Floodspotting

Most people hate the rain. Not me. Give me a good thunderstorm and you're likely to find me in a wet T-shirt and bare feet, splashing happily down the street to unfoul the rain gutters and bust the leaf dams.

Once upon a time, being a river rat meant heading north to huge wilderness watersheds in Canada. These days, I stick closer to home, eagerly tracking the latest precipitation event online, and planning my next floodspotting field trip.

If you want to see whitewater inside Route 128, you had better move fast--most flood events last only a matter of hours, as we are so close to sea level and the terrain is relatively low. But if you get your skates on, you can see a roaring waterfall in Greater Boston with a little floodspotting.

Real-Time Stream Gauge Data for Massachusetts

Want to be a floodspotter? Start with the USGS real-time stream gauge data for your local state. I start paying attention when the dots turn dark blue, but the real fun starts when a dot turns black. Blue dots mean the river is higher than the 90th percentile for that day of the year, and a black dot simply means "High." Hovering over a dot will show you some of its statistics, and clicking on it will take you to the real-time data page for that gauging station, with spiffy graphs.

How Fast? How High? How Full?

Stream gauge graphs will show you how full the river is (volume in cubic feet per second, or CFS), how fast it's flowing (velocity in feet per second), and how high the water is (gage height in feet). If the river has reached flood stage, a red line appears on the graph at the flood stage. Red triangles show the mean, or average flow, so you can see how much fuller, higher, or faster the river is than usual.

I especially love finding a log graph, where the horizontal lines get closer together at the top. That means the river is SOOO much bigger than normal that it can't be graphed on a linear scale, so they've had to use a logarithmic scale.

Log graphs have abounded this month on rivers I've never seen them on before. Alewife Brook usually runs about 1-2 CFS this time of year. On May 15, it was running at 100 CFS - two orders of magnitude more than usual! Alewife crested at 6 feet above sea level on May 15, before subsiding to its normal 2 feet. That translated into water nearly over the road on the back streets around Alewife Marsh--excellent for splashing about.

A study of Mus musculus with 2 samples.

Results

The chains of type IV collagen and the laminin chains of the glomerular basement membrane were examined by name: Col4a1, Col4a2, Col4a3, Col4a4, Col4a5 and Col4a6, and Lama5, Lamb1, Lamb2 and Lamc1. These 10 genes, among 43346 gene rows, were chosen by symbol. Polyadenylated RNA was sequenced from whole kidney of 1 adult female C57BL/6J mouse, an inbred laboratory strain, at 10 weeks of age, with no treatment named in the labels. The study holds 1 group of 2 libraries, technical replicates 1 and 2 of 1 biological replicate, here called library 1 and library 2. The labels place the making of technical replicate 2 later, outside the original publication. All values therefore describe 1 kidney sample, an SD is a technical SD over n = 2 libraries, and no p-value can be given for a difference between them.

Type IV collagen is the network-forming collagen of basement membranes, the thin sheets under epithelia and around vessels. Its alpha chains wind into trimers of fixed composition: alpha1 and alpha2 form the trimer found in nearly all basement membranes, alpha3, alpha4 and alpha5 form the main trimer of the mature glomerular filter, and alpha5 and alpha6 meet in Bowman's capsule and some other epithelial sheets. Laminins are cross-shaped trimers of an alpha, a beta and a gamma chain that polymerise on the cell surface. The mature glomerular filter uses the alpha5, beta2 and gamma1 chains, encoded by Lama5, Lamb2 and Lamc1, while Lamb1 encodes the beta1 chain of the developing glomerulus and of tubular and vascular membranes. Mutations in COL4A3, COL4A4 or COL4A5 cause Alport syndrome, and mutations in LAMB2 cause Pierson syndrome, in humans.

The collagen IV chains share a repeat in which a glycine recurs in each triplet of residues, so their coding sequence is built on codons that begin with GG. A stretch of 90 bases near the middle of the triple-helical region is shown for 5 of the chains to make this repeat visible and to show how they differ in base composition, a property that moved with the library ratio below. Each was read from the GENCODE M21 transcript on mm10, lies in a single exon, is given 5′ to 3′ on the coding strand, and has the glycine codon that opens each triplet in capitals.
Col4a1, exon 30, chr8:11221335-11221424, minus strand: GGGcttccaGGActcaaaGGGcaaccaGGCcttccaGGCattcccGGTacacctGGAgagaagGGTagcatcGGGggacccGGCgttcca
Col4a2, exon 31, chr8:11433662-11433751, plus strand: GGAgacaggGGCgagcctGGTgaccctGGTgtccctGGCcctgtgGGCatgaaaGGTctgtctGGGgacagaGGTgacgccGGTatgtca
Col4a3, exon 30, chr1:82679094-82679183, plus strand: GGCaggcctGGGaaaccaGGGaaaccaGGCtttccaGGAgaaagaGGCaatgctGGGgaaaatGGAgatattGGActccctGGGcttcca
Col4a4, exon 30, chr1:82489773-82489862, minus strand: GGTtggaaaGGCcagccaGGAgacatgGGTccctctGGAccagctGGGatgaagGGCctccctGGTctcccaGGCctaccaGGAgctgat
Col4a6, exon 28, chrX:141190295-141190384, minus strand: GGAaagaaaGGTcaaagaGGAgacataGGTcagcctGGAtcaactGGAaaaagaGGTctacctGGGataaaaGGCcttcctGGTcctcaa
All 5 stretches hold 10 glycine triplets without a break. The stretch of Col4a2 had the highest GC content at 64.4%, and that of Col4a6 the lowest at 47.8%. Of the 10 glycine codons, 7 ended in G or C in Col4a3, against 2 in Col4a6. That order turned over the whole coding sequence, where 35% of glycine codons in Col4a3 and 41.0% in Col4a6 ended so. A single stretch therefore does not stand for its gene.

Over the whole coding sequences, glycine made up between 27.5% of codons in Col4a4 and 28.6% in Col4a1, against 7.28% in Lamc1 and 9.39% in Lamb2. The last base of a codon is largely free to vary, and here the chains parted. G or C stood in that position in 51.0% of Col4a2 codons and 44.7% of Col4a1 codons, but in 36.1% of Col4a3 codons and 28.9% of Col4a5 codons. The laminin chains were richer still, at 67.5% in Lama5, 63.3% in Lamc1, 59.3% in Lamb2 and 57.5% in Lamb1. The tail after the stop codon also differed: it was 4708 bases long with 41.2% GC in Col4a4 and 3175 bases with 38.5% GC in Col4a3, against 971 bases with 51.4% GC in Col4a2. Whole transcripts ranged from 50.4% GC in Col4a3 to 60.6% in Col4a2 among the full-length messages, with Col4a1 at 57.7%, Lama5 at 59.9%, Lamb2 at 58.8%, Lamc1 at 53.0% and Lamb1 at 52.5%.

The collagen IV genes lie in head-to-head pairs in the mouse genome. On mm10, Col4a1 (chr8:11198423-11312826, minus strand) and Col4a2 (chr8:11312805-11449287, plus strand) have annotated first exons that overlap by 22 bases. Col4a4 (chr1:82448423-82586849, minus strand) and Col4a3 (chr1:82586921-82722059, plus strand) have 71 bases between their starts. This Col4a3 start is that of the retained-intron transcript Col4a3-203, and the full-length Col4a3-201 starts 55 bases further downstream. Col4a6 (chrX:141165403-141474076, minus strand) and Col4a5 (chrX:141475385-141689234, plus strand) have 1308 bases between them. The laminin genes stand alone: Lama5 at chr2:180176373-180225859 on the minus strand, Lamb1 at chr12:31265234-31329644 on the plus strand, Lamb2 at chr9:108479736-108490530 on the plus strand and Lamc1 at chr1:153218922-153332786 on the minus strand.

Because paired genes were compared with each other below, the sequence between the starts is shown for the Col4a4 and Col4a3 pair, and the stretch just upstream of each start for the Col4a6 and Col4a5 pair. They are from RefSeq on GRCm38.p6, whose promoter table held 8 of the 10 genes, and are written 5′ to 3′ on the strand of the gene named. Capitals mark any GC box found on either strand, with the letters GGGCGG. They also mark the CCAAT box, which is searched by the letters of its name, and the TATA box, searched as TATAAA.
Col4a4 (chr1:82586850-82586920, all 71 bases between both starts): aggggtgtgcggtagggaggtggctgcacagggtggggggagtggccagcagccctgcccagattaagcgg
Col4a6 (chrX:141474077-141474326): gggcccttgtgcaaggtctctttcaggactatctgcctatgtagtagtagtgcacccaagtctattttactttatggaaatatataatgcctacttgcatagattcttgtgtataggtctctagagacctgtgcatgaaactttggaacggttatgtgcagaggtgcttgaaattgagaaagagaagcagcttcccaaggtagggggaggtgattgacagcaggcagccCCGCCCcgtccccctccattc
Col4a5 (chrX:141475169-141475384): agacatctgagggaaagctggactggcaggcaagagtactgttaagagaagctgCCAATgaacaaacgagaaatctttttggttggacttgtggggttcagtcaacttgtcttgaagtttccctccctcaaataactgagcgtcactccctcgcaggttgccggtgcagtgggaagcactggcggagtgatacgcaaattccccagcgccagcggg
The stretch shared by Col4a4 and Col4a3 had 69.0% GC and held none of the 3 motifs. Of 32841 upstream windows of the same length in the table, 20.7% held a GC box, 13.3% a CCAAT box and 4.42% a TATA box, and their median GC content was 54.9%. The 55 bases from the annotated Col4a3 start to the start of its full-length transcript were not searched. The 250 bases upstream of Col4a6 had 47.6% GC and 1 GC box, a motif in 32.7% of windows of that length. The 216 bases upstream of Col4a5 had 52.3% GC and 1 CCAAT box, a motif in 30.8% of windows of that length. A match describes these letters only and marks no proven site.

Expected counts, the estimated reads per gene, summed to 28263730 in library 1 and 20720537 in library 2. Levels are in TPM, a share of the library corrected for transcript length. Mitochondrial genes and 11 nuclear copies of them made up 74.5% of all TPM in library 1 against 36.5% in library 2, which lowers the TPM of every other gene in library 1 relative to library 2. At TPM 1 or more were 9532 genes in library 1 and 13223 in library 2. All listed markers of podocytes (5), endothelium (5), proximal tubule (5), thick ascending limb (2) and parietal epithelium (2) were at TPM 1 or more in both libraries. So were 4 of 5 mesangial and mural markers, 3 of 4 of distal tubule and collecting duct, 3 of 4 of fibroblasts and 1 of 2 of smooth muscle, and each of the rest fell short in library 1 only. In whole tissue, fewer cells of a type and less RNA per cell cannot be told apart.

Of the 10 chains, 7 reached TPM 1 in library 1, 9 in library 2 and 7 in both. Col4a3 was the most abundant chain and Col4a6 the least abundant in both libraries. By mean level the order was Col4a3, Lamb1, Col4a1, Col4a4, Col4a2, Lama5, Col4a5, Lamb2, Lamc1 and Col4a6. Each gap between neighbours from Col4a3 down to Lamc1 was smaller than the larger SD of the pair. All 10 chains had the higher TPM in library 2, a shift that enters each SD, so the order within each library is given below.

Chasing Waterfalls
Once you've marveled at the data in real-time, it's time to go see it live! Use your trusty local watershed map, Google Maps and/or Yahoo! Maps, and the indispensable Delorme Massachusetts Atlas & Gazetteer to locate the gauging station, plan your route, and find nearby parking or public transit. Never mind the rain--get yourself a serious raincoat, a waterproof hat, and knee-high boots. A Ziploc bag or a small dry bag lets you bring your camera along in a pocket, and presto! You're a floodspotter.

Most Accessible Waterfall Award: Lower Falls on the Charles River

From Route 128, take the Route 16W exit and turn towards Newton Lower Falls. Immediately, turn in to the Arthur T. Gregorian parking lot (map). A small iron bridge just behind the parking lot runs across the falls, providing excellent viewing both upstream and downstream. Footpaths are accessible for a short distance on either side of the river.